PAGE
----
The ongoing protests in Lebanon have divided the country’s media along new lines and placed further stress on an already struggling industry – but also offered opportunities for new platforms to emerge.
“One camp supports the revolution, and the other still conveys the narrative of the ruling power,” said Matthieu Karam, the head of the web journalism department at the Beirut-based French-language publication L’Orient-le Jour, at the Wajih Ajouz award ceremony on December 2.
This is a new dividing line in the country’s media landscape, which previously reflected the divide that emerged in 2005: between the March 14 Alliance, which opposes Syria’s interference in the country, and the pro-Syrian March 8 Alliance, made up of Hezbollah and the Free Patriotic Movement of current President Michel Aoun.
“The fracture line [in Lebanese media since the protests began] is less clear, as we can now see a firm opposition between the media outlets that support the revolution and those that are completely opposed,” explained Ayman Mhanna, Executive Director of the Samir Kassir Foundation, named after the Lebanese journalist and intellectual that was assassinated in 2005.
News channel like MTV, LBCI and New TV have embraced editorial lines that clearly support the protesters, while media outlets like the Hezbollah-led al-Manar or al-Akhbar have expressed their support for the government.
While some journalists have been able to criticize the political elite while working for elite-controlled media, others have been forced to resign. Al-Akhbar in fact saw two of its journalists resign in the first weeks of the protests on account of the paper’s position on the nationwide social movement.
As Lebanon remains in political deadlock and nears economic crisis, the media is also struggling. Since October 17, journalists have been working over-time, but advertising revenue has been dropping drastically, leaving the actors of the industry under stress.
The financial pressure has already cost the jobs of 300 employees from Future TV, former Prime Minister Rafic Hariri’s channel – inherited by his son, Saad Hariri – that closed in mid-September due to economic reasons. Earlier this year, Hariri already had to let go of his newspaper al-Mustaqbal.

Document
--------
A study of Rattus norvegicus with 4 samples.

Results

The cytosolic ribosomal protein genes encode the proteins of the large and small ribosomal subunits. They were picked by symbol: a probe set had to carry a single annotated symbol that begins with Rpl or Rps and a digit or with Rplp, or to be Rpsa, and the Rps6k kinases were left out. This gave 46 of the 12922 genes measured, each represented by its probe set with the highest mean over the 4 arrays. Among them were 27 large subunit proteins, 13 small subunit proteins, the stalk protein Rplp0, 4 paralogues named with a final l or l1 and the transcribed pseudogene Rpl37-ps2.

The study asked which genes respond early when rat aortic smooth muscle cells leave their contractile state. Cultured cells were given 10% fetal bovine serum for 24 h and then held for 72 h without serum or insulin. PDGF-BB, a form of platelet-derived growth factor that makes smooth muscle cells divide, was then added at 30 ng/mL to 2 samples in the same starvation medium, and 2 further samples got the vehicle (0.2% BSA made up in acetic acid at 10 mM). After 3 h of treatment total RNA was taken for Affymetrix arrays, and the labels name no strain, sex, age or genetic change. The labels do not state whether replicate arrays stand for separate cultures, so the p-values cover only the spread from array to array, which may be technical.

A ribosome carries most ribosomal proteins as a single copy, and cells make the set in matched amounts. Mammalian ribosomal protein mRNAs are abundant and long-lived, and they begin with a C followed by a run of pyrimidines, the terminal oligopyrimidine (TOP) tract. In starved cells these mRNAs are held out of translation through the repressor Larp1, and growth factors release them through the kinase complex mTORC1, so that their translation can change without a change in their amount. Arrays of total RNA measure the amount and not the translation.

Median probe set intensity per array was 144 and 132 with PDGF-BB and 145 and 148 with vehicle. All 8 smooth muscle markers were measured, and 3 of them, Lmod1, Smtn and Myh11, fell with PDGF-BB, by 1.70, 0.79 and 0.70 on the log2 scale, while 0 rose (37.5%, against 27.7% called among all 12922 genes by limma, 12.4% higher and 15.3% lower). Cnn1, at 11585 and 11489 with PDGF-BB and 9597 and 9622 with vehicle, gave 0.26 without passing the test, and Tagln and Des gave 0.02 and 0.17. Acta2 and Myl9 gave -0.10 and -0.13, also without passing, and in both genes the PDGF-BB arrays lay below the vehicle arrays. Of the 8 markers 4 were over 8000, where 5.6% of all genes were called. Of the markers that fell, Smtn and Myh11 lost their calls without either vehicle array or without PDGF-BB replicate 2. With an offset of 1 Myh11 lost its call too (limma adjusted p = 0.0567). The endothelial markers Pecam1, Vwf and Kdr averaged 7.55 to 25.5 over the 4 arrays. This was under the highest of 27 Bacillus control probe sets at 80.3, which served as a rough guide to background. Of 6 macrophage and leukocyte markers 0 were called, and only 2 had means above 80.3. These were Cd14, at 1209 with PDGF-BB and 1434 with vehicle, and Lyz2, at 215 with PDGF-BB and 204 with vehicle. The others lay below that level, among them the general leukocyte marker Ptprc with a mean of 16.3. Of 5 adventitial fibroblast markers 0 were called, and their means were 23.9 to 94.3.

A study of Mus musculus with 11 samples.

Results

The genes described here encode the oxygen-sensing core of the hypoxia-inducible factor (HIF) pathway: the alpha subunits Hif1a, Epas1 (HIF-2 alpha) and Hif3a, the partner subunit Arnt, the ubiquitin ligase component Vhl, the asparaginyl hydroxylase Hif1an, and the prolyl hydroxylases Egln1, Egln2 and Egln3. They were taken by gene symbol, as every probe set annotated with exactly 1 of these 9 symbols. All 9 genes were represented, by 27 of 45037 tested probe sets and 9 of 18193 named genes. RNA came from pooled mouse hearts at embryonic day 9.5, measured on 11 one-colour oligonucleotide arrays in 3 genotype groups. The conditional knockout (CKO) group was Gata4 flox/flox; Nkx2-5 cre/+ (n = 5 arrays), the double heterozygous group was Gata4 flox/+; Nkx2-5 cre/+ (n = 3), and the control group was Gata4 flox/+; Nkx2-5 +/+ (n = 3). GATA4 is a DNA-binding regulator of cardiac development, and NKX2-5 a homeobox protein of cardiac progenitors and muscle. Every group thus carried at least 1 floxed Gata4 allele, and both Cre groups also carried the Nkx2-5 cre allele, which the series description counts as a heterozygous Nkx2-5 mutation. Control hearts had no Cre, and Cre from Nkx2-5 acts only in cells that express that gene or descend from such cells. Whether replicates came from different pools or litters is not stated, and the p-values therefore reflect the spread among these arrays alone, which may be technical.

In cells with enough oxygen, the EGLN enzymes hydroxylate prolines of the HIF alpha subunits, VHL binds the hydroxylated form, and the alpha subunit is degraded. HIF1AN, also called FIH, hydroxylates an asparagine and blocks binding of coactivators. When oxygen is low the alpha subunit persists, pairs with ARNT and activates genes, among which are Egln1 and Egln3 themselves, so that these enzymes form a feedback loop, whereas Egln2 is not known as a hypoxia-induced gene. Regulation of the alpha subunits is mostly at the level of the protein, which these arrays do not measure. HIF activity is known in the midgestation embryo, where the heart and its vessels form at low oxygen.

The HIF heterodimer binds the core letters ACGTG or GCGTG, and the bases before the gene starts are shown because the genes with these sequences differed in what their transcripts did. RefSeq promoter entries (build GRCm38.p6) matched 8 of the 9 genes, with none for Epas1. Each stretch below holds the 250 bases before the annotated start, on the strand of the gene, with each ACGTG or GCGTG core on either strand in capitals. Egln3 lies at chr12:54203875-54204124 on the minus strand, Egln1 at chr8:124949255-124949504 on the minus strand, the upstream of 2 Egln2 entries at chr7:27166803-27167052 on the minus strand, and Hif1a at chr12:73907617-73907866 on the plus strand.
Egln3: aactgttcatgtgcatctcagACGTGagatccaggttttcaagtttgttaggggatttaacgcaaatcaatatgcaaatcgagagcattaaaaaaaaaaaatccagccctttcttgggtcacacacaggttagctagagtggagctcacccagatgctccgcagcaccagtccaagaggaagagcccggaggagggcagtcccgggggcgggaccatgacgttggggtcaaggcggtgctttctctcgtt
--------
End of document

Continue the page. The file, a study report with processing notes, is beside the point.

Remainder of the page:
This closure is seen as a reflection of the unsustainability of the current media model, which has resulted in unpaid salaries, increasing dependence on unpaid interns, and the dismissal of staff. Outlets such as The Daily Star have experienced high numbers of resignations, with many of the remaining staff striking on Wednesday, December 5, in protest against months of late pay checks.
A staff member on strike told Al Arabiya English that, “what broke the camel’s back really was the dismissal of [their] colleague Benjamin Redd, quite abruptly in a way that [they] felt was unjustified.”
In a Twitter post, Redd announced that he was let go on December 4 due to his implication in the “[organization of] a strike because workers are owed up to half a year‘s salary — despite the paper being owned by Lebanon‘s billionaire [former] prime minister [Saad Hariri].”
Journalists have also been the target of several attacks since the beginning of the uprising.
The Samir Kassir Foundation’s Center for Media and Cultural Freedom has reported cases of online harassment or damages on vehicles and buildings owned by media enterprises, raising the question of journalists’ security in the coverage of the protests.
Journalists have also been harassed in the streets, as was the case with MTV staff members Joyce Akki and Christian Abi Nader, who got their cameras broken by protesters in downtown Beirut during the first days of the protests.
Challenging elite control
While traditional Lebanese media may be struggling, new forms of grassroots journalism have sprung up in line with the protests challenge to the status quo.
Traditionally, political elites have controlled the media in Lebanon, a process with roots in the Lebanese civil war (1975-1990).
“[The wartime government gave] licenses to media outlets created by militias, militias who then converted into political parties and controlled the post-war political arena in Lebanon,” explained Mhanna.
As the law does not prevent any MPs or Ministers from holding shares in media, media watchdog Reporters Without Borders – which ranks Lebanon 100 out of 180 for press freedom – estimates that 78.4 percent of the media outlets are politically affiliated. From that number, a quarter are directly owned by active politicians.
But the protests have encouraged grassroots journalists to produce their own platforms.
On November 28 the first edition of the 17 Teshreen newspaper was published. Named after the October 17 Revolution, the print was created with the aim of “documenting the experiences and achievements of the Lebanese street,” according to its director, Bashir Abu Zeid.
In his first editorial, the young director also claims that the initiative was financed solely by donations collected during the protests - a rare feat in a country where the media’s economic structure is based on private ownership or donations from either political leaders or their parties.
Already existing outlets such as Megaphone, Daraj and Raseef22 also saw their popularity rose, giving some commentators optimism about the future of Lebanese media.
“These protests strongly helped independent, progressive and secular media, especially online publications,” said Mhanna, who sees hope in the new platforms.
As protesters continue to voice their anger on social media, these new channels of communication might become “the reference for all the young revolutionaries that don’t recognizes themselves in the traditional media treatment,” he added.